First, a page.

While its seven metre-high board of polling figures and swarm of electoral officials may have come to symbolise Australian political suffrage, the future of the National Tally Room as the centre of election night may again be in doubt after ABC election numbers guru Antony Green ran into technology issues on Saturday night which meant he could not offer predictions.
The problems started at around 7pm on Saturday night, when a power outage combined with a lost network connection meant the analyst could not receive any data on Victoria’s state election. The count was being held at Etihad Stadium after the Victorian Electoral Matters Committee objected to the VEC’s initial plans to abandon the Tally Room.
At the time Green explained to viewers that he was not receiving any updates on the latest polling results and that meant the ABC’s figures were behind that of the VEC. Later in the evening Green clarified his comments, telling viewers that the problems were not the fault of the VEC or Etihad stadium but instead came from the ABC. He told The Australian today that the reason for the glitch may have been a result of the temporary ABC tally room set-up.
In a blog post on the set-up of the Victorian Tally Room last week, Green pre-empted Saturday night’s technological gremlins by saying that Aunty was having a few problems connecting to the VEC data site: “Another reason not to be in a tally room as far as I’m concerned,” he said.
It’s not the first time Green has had a crack at the Tally Room. In a two-page submission to the 2007 Joint Standing Committee on Electoral Matters (JSCEM) inquiry into the future operation of the National Tally Room, he wrote that that it was “redundant”, had “outlived it’s usefulness” and had “simply become a publicly paid for backdrop for the media.” Green says that the AEC should drop the Tally Room and that media networks should move to a more permanent set-up.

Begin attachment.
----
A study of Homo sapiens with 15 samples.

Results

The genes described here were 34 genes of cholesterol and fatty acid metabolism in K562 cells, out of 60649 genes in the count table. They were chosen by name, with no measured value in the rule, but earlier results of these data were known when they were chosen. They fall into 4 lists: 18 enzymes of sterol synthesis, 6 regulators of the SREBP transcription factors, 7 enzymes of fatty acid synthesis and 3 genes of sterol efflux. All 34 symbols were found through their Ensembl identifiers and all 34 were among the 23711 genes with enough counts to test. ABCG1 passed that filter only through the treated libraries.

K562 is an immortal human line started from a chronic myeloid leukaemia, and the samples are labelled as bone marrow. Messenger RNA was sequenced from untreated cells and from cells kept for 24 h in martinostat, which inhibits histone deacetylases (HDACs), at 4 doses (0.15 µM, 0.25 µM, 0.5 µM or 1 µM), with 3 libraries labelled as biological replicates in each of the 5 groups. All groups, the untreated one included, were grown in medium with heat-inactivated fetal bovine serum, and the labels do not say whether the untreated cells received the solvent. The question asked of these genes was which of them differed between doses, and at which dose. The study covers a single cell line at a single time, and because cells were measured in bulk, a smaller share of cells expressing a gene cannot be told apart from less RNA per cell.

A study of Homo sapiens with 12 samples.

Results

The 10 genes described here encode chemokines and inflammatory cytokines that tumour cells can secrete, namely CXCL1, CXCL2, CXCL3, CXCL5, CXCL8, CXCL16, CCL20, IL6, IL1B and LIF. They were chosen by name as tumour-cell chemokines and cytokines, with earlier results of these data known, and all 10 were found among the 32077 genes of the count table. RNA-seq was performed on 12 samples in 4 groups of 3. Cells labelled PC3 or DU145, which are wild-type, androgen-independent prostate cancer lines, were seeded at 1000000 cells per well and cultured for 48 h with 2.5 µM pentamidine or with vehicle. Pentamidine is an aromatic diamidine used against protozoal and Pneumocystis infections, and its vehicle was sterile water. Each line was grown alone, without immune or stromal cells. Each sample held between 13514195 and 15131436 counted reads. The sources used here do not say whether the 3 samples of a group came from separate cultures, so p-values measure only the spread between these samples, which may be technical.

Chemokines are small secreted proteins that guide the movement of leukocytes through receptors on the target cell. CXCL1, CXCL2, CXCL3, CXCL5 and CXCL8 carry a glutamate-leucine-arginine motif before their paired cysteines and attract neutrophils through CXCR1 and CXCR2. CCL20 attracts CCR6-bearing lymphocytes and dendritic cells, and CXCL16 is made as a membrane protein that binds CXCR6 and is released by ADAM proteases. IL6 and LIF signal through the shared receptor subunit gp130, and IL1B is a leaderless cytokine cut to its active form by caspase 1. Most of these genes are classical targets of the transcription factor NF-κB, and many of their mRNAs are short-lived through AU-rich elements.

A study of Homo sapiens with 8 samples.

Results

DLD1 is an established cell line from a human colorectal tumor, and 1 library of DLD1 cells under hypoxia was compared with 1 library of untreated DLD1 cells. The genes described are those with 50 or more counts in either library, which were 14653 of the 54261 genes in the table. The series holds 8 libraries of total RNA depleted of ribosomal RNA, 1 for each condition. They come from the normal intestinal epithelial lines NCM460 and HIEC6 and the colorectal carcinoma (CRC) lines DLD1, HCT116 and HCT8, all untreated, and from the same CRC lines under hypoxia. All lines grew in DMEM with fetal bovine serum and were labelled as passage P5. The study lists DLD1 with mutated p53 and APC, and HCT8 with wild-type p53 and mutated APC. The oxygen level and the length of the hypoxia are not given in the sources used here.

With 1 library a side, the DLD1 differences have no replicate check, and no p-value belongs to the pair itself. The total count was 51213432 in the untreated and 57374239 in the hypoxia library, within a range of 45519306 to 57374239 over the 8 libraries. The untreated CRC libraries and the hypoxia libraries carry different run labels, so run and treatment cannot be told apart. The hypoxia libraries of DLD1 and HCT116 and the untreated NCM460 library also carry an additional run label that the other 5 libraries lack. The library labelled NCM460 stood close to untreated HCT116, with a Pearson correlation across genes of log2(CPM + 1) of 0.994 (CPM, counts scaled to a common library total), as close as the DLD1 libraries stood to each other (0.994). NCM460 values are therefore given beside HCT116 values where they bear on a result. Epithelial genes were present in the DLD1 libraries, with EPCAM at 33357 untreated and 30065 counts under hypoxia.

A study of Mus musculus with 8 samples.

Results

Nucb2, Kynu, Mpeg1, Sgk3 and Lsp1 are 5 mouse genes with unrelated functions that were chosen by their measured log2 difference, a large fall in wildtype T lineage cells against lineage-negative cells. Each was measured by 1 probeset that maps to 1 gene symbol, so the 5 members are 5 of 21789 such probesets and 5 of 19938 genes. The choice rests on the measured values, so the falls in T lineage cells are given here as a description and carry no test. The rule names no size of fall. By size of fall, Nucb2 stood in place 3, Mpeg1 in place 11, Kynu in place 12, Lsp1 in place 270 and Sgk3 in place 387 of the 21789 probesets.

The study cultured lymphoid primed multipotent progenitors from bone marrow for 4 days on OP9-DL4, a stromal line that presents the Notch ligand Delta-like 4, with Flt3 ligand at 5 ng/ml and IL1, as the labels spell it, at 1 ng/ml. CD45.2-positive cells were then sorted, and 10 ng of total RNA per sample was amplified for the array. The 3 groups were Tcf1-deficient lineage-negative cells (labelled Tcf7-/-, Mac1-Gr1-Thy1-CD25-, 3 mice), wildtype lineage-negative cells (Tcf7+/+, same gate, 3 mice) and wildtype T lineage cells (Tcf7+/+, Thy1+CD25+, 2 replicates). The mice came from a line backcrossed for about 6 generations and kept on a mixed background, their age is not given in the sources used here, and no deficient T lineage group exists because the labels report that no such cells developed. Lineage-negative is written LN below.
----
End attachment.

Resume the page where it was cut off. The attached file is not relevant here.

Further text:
“There seems no good reason to continue spending hundreds of thousands of dollars putting hundreds of electoral officials and media representatives in a concrete and steel shed in the northern suburbs of Canberra,” he wrote. “It is the efficient dissemination of results on election night which is the important Australian tradition, not the physical existence of a National Tally Room.”
Despite Green’s submission, the JSCEM recommended that the NTR be retained for future federal elections, because it promoted “a visible symbolism of transparency in the election process”:
“The committee supports the continuation of the NTR given its historical place in Australian politics and elections. Australia is one of the world’s longest running democracies, and needs to value its history and traditions.”
According to the AEC submission to the inquiry, the NTR costs more than $1 million to build and operate. “The cost of the NTR, and the burden which its establishment within a tight timeframe places on the AEC, continue to be a significant concern for the AEC, especially in a period in which resources are stretched.”
At the time, the AEC recommended that for the NTR to be continued at future elections, then additional funding was required, “either through the budget or through charging, to cover associated costs”.
A spokesperson for the AEC told Crikey that the JSCEM is yet to meet following the 2010 federal election, “however any decisions about the future of the National Tally Room are a matter for parliament”.
Despite Green’s objections, the TV networks remain fans of the NTR. Free TV responded to the initial JSCEM inquiry by writing that the NTR was a “key part of broadcaster’s election night coverage as it offered a central focus for the election night count”.
In response to the AEC’s concerns about the cost of the NTR, Free TV said that “broadcasters do not regard the cost of setting up a temporary studio at the NTR as an ‘unwarranted’ expense. Rather, broadcasters believe the enhanced coverage they are able to provide the viewers via the NTR is a necessary and justified expense.”
Currently the Virtual Tally Room is considered the official source of AEC election night results. During the 2007 election, the Virtual Tally Room recorded more than 110 thousand hits.